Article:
Indonesia Economy Stumbles: Exports Falter, Growth Slows to Two-Year Low

Indonesia Economy Stumbles: Exports Falter, Growth Slows to Two-Year Low

Nov. 6 : Indonesia’s economic performance in the third quarter has shown solid growth; however, it has slowed more than anticipated, marking its weakest performance in two years. This deceleration is attributed to a decline in exports and softened household spending.

The gross domestic product (GDP) expanded annually by 4.94% in the July-September quarter, falling short of economists’ expectations of 5.05% and a decrease from the 5.17% growth in the second quarter. Experts had widely anticipated a cooling of Southeast Asia’s largest economy this year due to various factors, including domestic interest rate hikes, falling commodity prices, and global economic weakening.

Last month, there was a surprise rate hike by Bank Indonesia, which aimed to stabilize the depreciating rupiah currency. This increase marked a total of 250 basis points in rate hikes since the previous year.

“While a sub-5% growth rate is still respectable, it serves as a warning for our monetary authority not to be overly aggressive with rate hikes,” cautioned Myrdal Gunarto, an economist at Maybank Indonesia, who predicts one more rate hike of 25 basis points.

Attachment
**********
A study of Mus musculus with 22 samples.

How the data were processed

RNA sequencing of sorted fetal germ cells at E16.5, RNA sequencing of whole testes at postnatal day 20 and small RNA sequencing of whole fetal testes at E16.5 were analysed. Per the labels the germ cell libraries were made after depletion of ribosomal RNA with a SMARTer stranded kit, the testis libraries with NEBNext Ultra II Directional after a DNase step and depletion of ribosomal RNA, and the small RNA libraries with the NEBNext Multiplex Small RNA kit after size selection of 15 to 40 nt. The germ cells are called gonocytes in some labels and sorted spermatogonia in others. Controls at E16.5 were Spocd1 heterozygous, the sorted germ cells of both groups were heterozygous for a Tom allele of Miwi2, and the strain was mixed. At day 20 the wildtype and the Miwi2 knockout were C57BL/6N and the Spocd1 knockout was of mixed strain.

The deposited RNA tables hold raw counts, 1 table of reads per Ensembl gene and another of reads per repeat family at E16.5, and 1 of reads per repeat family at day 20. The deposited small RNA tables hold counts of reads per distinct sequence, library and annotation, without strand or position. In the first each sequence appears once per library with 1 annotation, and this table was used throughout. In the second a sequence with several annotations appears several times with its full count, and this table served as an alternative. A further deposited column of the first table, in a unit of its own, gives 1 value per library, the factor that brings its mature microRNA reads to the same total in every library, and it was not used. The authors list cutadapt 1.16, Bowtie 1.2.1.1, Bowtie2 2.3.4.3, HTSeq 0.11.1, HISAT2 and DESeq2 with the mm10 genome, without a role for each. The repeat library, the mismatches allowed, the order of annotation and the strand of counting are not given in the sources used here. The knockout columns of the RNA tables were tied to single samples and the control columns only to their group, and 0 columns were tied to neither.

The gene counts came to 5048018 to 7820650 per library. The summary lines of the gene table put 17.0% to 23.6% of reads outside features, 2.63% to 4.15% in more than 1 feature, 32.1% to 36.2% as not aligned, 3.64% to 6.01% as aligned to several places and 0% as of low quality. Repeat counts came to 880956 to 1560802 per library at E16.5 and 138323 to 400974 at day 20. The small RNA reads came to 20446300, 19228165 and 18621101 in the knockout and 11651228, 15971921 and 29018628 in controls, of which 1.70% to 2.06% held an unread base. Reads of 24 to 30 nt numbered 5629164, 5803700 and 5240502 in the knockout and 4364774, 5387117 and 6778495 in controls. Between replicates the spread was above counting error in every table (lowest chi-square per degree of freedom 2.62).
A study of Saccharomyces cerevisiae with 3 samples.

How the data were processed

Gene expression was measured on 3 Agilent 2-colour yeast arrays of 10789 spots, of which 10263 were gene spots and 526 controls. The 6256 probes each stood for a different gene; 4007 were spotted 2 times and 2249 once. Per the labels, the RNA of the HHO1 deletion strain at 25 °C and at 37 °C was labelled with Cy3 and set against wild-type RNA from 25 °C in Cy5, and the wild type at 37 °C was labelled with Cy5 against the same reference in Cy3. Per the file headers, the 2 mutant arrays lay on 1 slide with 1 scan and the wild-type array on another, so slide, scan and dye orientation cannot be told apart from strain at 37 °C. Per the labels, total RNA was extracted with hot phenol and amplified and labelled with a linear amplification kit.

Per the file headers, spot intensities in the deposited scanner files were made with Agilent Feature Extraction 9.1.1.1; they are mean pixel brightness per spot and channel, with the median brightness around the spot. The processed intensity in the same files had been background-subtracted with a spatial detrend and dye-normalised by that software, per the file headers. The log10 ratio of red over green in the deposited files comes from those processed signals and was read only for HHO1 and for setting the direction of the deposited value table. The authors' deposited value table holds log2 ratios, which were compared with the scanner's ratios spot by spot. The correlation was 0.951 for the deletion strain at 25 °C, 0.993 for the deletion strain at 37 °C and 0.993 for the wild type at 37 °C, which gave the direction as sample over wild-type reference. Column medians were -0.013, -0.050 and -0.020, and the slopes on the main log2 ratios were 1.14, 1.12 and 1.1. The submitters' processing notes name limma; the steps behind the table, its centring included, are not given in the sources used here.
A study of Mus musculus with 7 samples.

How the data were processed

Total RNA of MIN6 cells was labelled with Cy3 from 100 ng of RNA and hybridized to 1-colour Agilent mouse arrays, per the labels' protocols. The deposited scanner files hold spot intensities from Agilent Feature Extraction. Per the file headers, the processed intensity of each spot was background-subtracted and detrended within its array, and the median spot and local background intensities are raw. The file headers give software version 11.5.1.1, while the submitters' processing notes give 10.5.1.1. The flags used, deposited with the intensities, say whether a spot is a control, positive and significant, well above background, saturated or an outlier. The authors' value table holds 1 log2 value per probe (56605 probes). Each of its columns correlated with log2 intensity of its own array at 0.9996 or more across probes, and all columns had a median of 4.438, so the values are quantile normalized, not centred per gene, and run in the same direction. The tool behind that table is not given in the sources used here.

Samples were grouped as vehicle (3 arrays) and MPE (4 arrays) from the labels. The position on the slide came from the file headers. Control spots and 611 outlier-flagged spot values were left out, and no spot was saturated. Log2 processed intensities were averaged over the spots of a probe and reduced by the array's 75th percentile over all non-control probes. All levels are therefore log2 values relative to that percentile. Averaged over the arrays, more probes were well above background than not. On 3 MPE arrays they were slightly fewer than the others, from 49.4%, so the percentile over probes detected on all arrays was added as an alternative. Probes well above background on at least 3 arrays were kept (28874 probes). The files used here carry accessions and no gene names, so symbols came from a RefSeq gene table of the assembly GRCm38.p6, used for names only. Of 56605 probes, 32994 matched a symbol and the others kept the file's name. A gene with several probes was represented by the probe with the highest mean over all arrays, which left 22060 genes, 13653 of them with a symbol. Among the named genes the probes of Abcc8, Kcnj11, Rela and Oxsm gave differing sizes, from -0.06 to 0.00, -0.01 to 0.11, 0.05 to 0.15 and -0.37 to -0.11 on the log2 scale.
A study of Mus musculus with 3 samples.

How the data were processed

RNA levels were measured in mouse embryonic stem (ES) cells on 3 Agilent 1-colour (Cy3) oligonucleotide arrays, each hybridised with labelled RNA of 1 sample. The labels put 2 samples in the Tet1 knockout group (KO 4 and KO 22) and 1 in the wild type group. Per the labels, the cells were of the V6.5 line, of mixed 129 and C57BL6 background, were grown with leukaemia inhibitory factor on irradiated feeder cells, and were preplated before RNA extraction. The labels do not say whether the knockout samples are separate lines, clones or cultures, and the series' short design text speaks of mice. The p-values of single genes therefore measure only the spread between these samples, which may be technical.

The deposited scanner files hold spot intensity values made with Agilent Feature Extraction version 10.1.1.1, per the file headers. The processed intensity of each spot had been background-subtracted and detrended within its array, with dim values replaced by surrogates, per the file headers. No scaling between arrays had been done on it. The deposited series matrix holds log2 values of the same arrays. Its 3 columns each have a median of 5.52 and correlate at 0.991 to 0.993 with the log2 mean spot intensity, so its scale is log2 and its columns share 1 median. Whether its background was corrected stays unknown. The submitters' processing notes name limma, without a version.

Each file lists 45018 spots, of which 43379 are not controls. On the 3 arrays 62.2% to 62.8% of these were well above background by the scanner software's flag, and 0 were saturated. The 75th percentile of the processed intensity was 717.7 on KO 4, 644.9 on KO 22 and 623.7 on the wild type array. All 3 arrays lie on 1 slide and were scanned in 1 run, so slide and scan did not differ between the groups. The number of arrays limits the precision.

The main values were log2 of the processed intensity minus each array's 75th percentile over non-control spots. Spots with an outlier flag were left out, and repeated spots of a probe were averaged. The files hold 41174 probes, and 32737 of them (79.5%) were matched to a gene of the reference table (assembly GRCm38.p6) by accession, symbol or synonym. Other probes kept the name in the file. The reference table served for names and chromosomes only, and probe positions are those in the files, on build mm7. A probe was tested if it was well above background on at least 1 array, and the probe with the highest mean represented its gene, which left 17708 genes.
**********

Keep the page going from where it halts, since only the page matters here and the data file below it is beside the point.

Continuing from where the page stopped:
Despite the disappointing GDP figures, the rupiah has strengthened, trading 1.3% higher than the previous day’s close, mainly due to a softer U.S. dollar.

For the current quarter, spending related to election campaigns and the government’s recent welfare budget increase are expected to provide some support to the economy, as noted by Joshua Pardede, chief economist at Bank Permata. The government had launched a policy package last month, which included tax cuts for homebuyers, extensions of rice subsidies, and additional cash assistance. Presidential candidates and political parties are gearing up for the general elections on February 14.

Pardede forecasts full-year 2023 growth at 5.07%, slightly below the government’s projection of 5.1%. This comes after Indonesia experienced economic growth of 5.3% in 2022, marking the highest level in nine years, driven by a global commodity boom.

In the July-September period, the decline in exports deepened to 4.26% from 2.97% in the second quarter, and government spending also fell year-on-year. Household spending, which represents a significant portion of GDP, decelerated to 5.06% from 5.22%. The agriculture sector was additionally impacted by drought caused by the El Nino weather pattern, with the peak of its effects expected in October.

A positive aspect in the GDP breakdown was the growth in investment, which recorded a 5.77% increase in the third quarter, compared to 4.63% in the second quarter. On a non-seasonally adjusted quarter-on-quarter basis, Indonesia’s GDP expanded by 1.6%, slightly below the anticipated 1.71% growth.